Imagineering creative strategy

A creative strategy is all about creating a different approach than that you would typically take and finding a workable pathway. As a member of the APM (Association for Project Management) I often participate in their webinar, a recent webinar explored a creativity strategy inspired by Walt Disney, known as Imagineering.


This innovative concept involves three crucial roles – the Dreamer, the Realist, and the Critic – working together to shape and manage projects. In this post I’ll share with you my notes from the webinar looking at the essence of Imagineering and discuss how it can be applied to various project scenarios.


Imagineering Roles

Imagineering consists of three key roles, these are the dreamer, realist and critic.



The Dreamer initiates the process with a vision, purpose and long-term focus. This role encourages thinking without boundaries, fostering an open space where everyone can contribute ideas. The Dreamer sets the stage for innovative thinking and ideation.



Transitioning from dreams to reality, the Realist focuses on planning and practical needs. This role considers the resources required and outlines a pathway to transform the dream into a tangible project. It addresses the question of "how" and organises ideas for effective implementation.



The Critic challenges the dream and evaluates its feasibility. This role looks at potential challenges, draws from past experiences and ensures the proposed strategy is fit for purpose. The Critic's role is to refine and fine-tune the dream, offering a constructive perspective.


Leadership Position

After passing through the Dreamer, Realist, and Critic phases, a leadership position emerges. It involves reviewing the insights gained and making informed decisions about whether to proceed with the plan or pivot based on the findings. This leadership position is typically taken on by senior management or external stakeholders.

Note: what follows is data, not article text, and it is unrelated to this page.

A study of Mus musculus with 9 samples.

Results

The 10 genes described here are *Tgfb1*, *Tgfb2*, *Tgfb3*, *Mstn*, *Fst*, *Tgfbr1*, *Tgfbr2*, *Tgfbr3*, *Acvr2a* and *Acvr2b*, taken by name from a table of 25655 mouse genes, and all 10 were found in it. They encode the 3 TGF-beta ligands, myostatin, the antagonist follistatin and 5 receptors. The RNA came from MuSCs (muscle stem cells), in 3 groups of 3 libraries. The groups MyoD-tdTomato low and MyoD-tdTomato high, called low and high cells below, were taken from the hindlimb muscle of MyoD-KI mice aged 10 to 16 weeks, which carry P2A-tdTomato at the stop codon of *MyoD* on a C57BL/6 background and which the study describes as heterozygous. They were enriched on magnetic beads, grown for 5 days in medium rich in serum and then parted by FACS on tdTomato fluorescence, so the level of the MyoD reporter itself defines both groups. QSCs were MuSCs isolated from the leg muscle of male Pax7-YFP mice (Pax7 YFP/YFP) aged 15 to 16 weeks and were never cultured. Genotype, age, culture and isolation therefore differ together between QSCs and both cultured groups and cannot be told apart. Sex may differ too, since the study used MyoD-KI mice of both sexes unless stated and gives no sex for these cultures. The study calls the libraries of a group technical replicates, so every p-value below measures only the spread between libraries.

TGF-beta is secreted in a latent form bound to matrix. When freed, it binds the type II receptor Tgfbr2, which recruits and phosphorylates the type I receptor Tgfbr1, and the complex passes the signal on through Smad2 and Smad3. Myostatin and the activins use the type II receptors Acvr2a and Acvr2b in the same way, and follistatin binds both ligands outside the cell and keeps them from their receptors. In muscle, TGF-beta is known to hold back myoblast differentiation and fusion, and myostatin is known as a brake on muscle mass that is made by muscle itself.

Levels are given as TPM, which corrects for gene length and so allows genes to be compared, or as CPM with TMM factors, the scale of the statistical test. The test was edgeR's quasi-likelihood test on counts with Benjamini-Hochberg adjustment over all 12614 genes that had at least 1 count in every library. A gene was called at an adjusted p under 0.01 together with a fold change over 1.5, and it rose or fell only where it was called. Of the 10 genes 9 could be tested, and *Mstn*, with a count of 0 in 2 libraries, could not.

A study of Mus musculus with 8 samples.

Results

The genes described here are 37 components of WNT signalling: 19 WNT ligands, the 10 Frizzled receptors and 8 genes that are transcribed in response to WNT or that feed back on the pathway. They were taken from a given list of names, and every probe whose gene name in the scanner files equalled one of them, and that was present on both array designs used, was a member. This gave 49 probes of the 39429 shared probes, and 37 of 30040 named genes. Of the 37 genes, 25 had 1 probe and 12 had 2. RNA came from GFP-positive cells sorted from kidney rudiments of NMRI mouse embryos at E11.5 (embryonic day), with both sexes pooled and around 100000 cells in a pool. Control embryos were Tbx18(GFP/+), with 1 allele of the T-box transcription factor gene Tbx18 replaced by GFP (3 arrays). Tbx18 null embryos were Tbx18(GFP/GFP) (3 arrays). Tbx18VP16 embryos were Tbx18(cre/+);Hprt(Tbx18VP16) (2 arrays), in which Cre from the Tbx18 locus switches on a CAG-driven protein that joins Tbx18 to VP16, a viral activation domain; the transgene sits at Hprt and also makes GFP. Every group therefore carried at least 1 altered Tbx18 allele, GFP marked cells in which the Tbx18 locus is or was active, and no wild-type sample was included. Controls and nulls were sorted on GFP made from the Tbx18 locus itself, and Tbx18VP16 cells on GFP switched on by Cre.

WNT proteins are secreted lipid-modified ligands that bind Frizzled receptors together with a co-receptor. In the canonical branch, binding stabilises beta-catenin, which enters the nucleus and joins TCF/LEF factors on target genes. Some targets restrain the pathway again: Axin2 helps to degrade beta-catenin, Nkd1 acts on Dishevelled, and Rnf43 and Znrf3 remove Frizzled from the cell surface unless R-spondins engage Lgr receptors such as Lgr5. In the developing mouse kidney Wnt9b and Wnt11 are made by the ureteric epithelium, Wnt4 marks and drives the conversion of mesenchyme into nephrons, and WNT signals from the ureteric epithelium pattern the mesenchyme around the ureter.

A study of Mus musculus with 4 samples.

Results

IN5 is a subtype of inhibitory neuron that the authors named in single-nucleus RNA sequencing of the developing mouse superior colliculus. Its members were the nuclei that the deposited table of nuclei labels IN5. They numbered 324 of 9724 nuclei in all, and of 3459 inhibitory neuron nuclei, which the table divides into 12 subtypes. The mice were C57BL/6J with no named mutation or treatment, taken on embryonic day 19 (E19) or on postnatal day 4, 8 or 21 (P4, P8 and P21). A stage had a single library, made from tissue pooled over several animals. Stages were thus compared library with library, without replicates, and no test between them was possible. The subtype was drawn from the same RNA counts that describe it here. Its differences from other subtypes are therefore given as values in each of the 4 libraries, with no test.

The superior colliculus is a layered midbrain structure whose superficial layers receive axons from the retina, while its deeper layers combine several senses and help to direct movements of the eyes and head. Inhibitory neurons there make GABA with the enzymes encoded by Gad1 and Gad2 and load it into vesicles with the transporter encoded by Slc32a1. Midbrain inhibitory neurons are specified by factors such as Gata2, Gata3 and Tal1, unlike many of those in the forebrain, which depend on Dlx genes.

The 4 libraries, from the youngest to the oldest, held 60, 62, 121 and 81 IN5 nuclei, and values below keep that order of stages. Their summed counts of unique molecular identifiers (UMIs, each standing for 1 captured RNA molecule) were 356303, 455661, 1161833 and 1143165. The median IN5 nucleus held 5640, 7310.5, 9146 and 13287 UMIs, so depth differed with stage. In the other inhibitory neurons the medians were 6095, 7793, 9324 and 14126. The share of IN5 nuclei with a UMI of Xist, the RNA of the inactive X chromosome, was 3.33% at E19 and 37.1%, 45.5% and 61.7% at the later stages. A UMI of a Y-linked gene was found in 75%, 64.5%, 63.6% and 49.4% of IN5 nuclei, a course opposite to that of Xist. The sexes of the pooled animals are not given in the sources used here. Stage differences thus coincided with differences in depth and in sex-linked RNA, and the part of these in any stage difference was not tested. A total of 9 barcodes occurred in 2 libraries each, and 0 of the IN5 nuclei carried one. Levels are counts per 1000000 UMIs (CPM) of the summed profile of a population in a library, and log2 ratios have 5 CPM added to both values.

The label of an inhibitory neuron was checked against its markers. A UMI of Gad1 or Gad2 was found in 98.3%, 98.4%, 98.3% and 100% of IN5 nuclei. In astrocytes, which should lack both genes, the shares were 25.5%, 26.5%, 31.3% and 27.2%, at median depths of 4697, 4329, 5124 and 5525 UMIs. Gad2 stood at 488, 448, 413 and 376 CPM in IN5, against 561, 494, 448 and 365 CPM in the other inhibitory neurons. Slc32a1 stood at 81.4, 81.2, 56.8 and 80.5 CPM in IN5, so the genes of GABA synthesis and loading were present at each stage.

Applicability of Imagineering

Imagineering is not limited to grand projects; it can be applied at various scales, from overarching project goals to small tasks or addressing risks and changes. Its versatility lies in its ability to adapt to different project scenarios.


Introducing Imagineering

To introduce Imagineering to your team, explain the roles and help everyone adopt the mindset of each role. Emphasise the importance of following the sequence – Dreamer, Realist, Critic – for optimal results.


Handling New Requirements

When a new requirement is introduced to an existing project it can be challenging to see if this additional piece of work is feasible and understand how you can accommodate it. Applying Imagineering to this change can help to reassess and adapt.


The first step is to stay calm and recognise whatever the dream was to start with it has now changed so we now need to revision this. It needs the right people in the room and becomes all about engagement. Then we can assess the options available whether this is changing timescales, quoting for the additional work or updating the scope. 


Dreamer – what if we achieved the existing project plus the additional change what does that look like and how will it help? 

Realist - Have we made any savings so far? Can we change the quality of deliverables? Are there other projects we could collaborate on the help this delivery?  

Critic – might question stakeholders involved and their opinion, helps to identify points of failure and flag up points of weakness.  


By encourage an interactive approach during Imagineering sessions you can fully utilise the different roles and perspectives to come up with ideas. Regular check-ins, collaborative idea-sharing, and capturing essential points on visual aids, such as whiteboards enhances the process. Bringing in external perspectives can also provide a fresh outlook, aligning with the leadership role.


Implementing Imagineering

Implementing Imagineering requires attention to the key factors listed below. By embracing the Imagineering model, project teams can foster a culture of innovation, turning challenges into opportunities and dreams into reality.



Balanced Strategy:

Acknowledge the importance of all three roles and follow the prescribed order – Dreamer, Realist, Critic. Critique ideas, not roles, as each contributes unique benefits. You will see benefit from taking an iterative approach with this model.


Right Environment and Resources:

Ensure the right people are involved at the right time, plan sessions meticulously, and create an environment conducive to creativity. Leave sufficient time to recap and create clear action points.


Turning Discussion into Action:

Develop an action plan to present integrated answers, understanding who needs to sign this off and in what format. Address any byproducts that emerge and identify areas for future Imagineering use. Create a roadmap for taking the project forward.